SRE: How the role is evolving
The growth of site reliability engineering (SRE) has demonstrated the need for SRE implementations is here to stay for the foreseeable future. LinkedIn voted SRE jobs as the second most promising positions in the US in 2019, and now as we head into 2022, you can be sure to see the evolution of SRE continue to grow and expand.
Below, we’ll get into what SRE is, what SRE engineers do, and how SRE will continue to evolve into the future.
What is SRE?
SRE, much like DevOps, is an IT approach that aims for more efficient and stable accountability when it comes to application reliability. SRE teams hope to solve tasks that traditionally required the manual support of an operations team and, with supplementary software, automate those tedious processes.
SREs demonstrate a lot of value in creating systems and applications that are more reliable, scalable, and manageable. Things that have been historically difficult to oversee, like management of large networks through code, are now more sustainable for engineers who are handling thousands of machines.
What do SREs do?
Site reliability engineers require some experience in software development, operations, and/or IT sysadmins roles. They’re responsible for the configuration, deployment, and maintenance of code, as well as a set of other responsibilities that range anywhere from latency and emergency response to capacity management.
Site reliability engineers, as opposed to working in opposition to DevOps engineers, provide a more proactive form of quality assurance. Site reliability engineers bring together the skillset of a DevOps team and operations team by taking on both responsibilities, drawing a bridge between the two fields.
A common way to differentiate between the differences between DevOps engineers and SREs is to think of DevOps engineers focusing on the application development pipeline while SREs take those applications and focus on reliability, scale, and maintenance.
Reliability engineers are often asked to help developers who are overwhelmed by operational tasks and could benefit from the more specialized ops skill set.
So how exactly does an SRE’s skill set fit into a DevOps team? Some common roles and responsibilities for a site reliability engineer might include:
Building software to help operations and support teams
Ensuring availability and reliability of critical business systems
Create sustainable systems and services through automation and uplifts
Fixing support escalation issues
Optimizing on-call rotations and processes
Documenting industry and experience knowledge
Conducting post-incident reviews
Own and operate services that organizational applications rely on to serve customers
Evaluate, select, and integrate key technologies that help provide automated solutions
Audit and secure services across development, tests, and live environments
Most site reliability engineers need coding experience that goes beyond simple scripts, and you should look for engineers who take a proactive approach to identify problems to build software around.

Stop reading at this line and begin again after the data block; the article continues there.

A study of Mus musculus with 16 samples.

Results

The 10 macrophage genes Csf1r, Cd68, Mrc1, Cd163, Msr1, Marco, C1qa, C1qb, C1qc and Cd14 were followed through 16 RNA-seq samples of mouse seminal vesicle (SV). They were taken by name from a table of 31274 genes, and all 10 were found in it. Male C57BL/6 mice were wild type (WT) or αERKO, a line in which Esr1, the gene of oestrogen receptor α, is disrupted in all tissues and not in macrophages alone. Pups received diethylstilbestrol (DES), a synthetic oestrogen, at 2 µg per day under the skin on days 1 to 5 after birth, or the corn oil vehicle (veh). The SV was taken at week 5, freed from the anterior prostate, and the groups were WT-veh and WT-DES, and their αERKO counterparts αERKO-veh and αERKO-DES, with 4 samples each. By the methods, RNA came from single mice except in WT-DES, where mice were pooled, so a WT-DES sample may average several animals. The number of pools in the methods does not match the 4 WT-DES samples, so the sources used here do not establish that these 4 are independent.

SRE: how the role is evolving
It’s been almost two decades since Google, under the direction of Ben Treynor Sloss, first introduced the SRE Role, and even today, it continues to grow and evolve from its early inception.
Some of the biggest ways that SRE continues to evolve includes:
- Easier adoption and implementation
Despite SRE’s growth, not all IT teams have adopted or implemented SRE into their models. Internal growth within organizations and more space carved out for SRE teams will be the next step for greater use and adoption of SRE functionality.
- Segmented SRE departments and more collaboration
For a while now, SRE departments have been limited to a few specialized experts responsible for building software that solves problems. With increased user demands and increasingly complicated technical stacks, however, SRE teams have to cover several different areas and domains. This is creating a demand for SRE departments to become further segmented into individual specializations with other relevant departments.
- Risk mitigation
SRE teams learn from their shortcomings and are looking for further risk mitigation by creating new mitigation structures based on their previous vulnerabilities. SRE teams will inevitably become more dependent on maintaining quality performance, reliability, and business stability, which means risk mitigation will become a major focus in SRE’s near future.
- More focus on user experience
SREs have a unique opportunity in influencing the user experience because of how central their role is to the optimization and stability of applications. Aside from application and network maintenance, SRE teams can provide valuable insights into the user experience by tracking key metrics like repeat user purchases or user abandonment rates within various points of the user journey map.
How Sumo Logic can help
Site reliability engineers need machine data tools like Sumo Logic to ensure the reliability and availability of their applications and various components or services in production. Sumo Logic provides engineers with full- stack observability tools, so they can easily gather and analyze all of the necessary logs, metrics, and traces to quickly troubleshoot and remediate issues before customers are impacted.
Try Sumo Logic for free today or read how we fit into an existing SRE toolchain.